Christian Benteke’s days at Anfield have seemed numbered ever since Jurgen Klopp arrived on Merseyside to take the reins from Brendan Rodgers. The £32.5 million signing from Aston Villa was targeted by the former Liverpool boss in a bid to being goals back to the side and revive the club’s fortunes after suffering massively from Luis Suarez’s exit to Barcelona.
Following the Nothern Irishman’s dismissal at Anfield, the tactical switch brought about by Klopp has been unsuited to Benteke’s style of play. So often thriving in an Aston Villa team built to play around him, he has been relegated to the bench under the German head coach and rarley given starting opportunities. Even on the occasions where he has been fortunate enough to make the starting eleven, he has cut a forlorn figure; that of a player devoid of confidence.
With compatriot Divock Origi and the recently returned Danny Ings viewed as brighter prospects ahead of Benteke in the pecking order at Liverpool, Daniel Sturridge and Roberto Firmino taking up the first-choice striker spots and barely seeing a sniff of action himself in pre-season as well as failing to make the bench for Liverpool’s opening weekend trip to Arsenal, 25-year-old Benteke must seek out an exit in order to rejuvenate his career. When Crystal Palace then came up with a £30.5million bid for the Belgian, it seemed he may finally have a way out, only for Liverpool to rebuff their approach.
According to the Telegraph however, it has emerged that it was more the nature of the deal rather than the price itself that was responsible for it being turned away. The report states that Palace tabled an offer of an initial £23.5 million plus add-ons, with the additional clauses including an extra £2.5 million on the basis that Palace qualify for the Champions League, Benteke scoring 20 goals plus and playing in 70% of Palace’s fixtures in a top-four securing campaign. The three conditions all formed part of the same clause and for this reason it was deemed to be unacceptable for the Merseyside club.
Though £30 million for an outwardly misfiring striker seems a hefty price in itself, whether or not Palace alter their package and come back with the same amount of money. It could even be argued that the asking price is too hefty for a forward of Benteke’s standing at the present time.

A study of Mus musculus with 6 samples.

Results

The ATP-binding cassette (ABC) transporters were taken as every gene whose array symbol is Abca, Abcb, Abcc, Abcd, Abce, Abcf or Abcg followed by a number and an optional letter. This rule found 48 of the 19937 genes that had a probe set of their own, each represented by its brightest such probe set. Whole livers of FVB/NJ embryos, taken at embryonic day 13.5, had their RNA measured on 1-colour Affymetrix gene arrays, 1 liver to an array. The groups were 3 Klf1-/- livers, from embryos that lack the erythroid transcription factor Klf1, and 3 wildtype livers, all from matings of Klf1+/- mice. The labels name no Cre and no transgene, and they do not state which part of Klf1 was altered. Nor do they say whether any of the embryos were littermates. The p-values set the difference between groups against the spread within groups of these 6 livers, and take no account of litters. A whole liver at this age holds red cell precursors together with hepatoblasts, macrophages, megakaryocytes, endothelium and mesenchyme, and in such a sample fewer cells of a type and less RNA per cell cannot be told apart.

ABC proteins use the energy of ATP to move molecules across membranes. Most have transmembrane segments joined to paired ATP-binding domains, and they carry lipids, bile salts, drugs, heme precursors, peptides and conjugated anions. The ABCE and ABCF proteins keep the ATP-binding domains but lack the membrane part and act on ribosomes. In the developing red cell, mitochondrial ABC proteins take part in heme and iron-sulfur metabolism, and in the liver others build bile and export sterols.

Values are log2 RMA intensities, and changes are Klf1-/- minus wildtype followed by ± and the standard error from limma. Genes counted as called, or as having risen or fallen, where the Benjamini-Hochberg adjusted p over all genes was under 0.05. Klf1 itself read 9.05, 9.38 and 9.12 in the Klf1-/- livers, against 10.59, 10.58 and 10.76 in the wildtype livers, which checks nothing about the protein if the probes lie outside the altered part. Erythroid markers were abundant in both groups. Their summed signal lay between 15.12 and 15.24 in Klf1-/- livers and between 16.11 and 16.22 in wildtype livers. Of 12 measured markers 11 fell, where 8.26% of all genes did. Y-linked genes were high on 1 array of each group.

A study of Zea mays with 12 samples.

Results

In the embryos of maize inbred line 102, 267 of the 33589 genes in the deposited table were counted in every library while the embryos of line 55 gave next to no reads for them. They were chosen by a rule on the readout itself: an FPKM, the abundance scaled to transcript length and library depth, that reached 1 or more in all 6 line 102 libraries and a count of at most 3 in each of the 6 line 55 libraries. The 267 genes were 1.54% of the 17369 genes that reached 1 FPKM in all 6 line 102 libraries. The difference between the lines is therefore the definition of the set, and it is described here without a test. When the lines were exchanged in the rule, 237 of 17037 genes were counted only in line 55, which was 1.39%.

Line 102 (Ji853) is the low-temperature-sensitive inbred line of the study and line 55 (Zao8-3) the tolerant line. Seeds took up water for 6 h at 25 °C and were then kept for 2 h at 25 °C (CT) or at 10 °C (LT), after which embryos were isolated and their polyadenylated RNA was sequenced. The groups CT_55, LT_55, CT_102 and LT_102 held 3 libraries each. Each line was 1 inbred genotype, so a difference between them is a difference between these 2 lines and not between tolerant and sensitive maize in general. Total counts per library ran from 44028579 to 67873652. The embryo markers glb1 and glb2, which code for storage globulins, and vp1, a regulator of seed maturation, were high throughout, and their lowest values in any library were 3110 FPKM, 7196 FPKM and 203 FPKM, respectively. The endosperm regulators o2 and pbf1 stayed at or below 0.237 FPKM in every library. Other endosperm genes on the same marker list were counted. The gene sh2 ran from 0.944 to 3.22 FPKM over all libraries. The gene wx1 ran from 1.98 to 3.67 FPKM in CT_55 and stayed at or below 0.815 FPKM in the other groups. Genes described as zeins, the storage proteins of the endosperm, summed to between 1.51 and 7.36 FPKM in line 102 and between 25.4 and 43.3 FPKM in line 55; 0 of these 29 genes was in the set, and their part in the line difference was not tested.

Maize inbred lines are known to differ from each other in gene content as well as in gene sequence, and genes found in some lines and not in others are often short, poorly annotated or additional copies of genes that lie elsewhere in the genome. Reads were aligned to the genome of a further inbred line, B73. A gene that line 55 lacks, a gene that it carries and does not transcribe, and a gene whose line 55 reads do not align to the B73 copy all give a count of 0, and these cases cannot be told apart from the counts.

The Belgian may have only netted a paltry nine times in 29 Premier League appearances for the Reds, but 42 goals in 89 Premier League outings during his three-year stint at Aston Villa suggests the forward is well worth his money in the right team, particularly so given the price Liverpool splashed out for him back in 2015.
It should not of course be forgotten that he is an international striker for his country, as well as a proven goalscorer in the Premier League, and his opportunities have mainly been limited at Liverpool thanks to the fact that he just doesn’t fit Klopp’s system or style of play. He is not the first player to have suffered the same fate at Liverpool, another being former Newcastle striker Andy Carroll, who didn’t quite slot into Kenny Dalglish or Brendan Rodgers’ respective systems and is now on the books at West Ham.
At Villa, Benteke had a team catered towards playing his way, playing around him as the spearhead and providing him the service to score the goals that for three seasons kept the Villains in the Premier League. Liverpool consequently will be more than aware that Benteke is capable of excelling elsewhere in the division and can justify his record as reasonable cause for his high asking price. It boils down to whether or not one believes a bad season for a player can have a detrimental effect on said player’s value.
Alan Pardew must believe that Benteke is worth the money Liverpool are demanding to be shelled out on him, though the Palace boss is desperate to reinforce his front-line after a disappointing opening day defeat at home to former boss Tony Pulis’ West Bromwich Albion. Palace failed to score that day, and firing blanks will surely continue at Selhurst Park if additions fail to arrive following the blow of Yannick Bolasie’s £28 million departure for Everton. Though arguably the South London club secured a fantastic deal in offloading the DR Congo international for such a high price.
Pardew obviously also has faith in Benteke’s ability to reinvigorate his scoring form, which will be particularly vital for a Palace side that managed only 39 goals in 38 Premier League games in 2015/16. If Benteke can recover his shooting boots and rediscover the spark in front of goal that shot him to prominence at Aston Villa, he will, undoubtedly, be worth every penny of what Liverpool are asking for. If not, and at 25 he is already a forward in decline, a drop in value will be impending.
For now however, after a bad spell at a club where he just didn’t really fit the bill for Klopp’s ideal striker, the Belgian is more than worth the gamble. Though as much of a gamble as it may seem, there is reason to justify Liverpool’s lofty valuation of the player, and it is simply a case of whether Palace go through with the deal after all, or whether any other club is prepared to cash-in on a risk that more than likely will pay dividends. Benteke is a forward who is worth the money and simply needs a platform to get back to his best, time will tell whether or not he has one at Crystal Palace.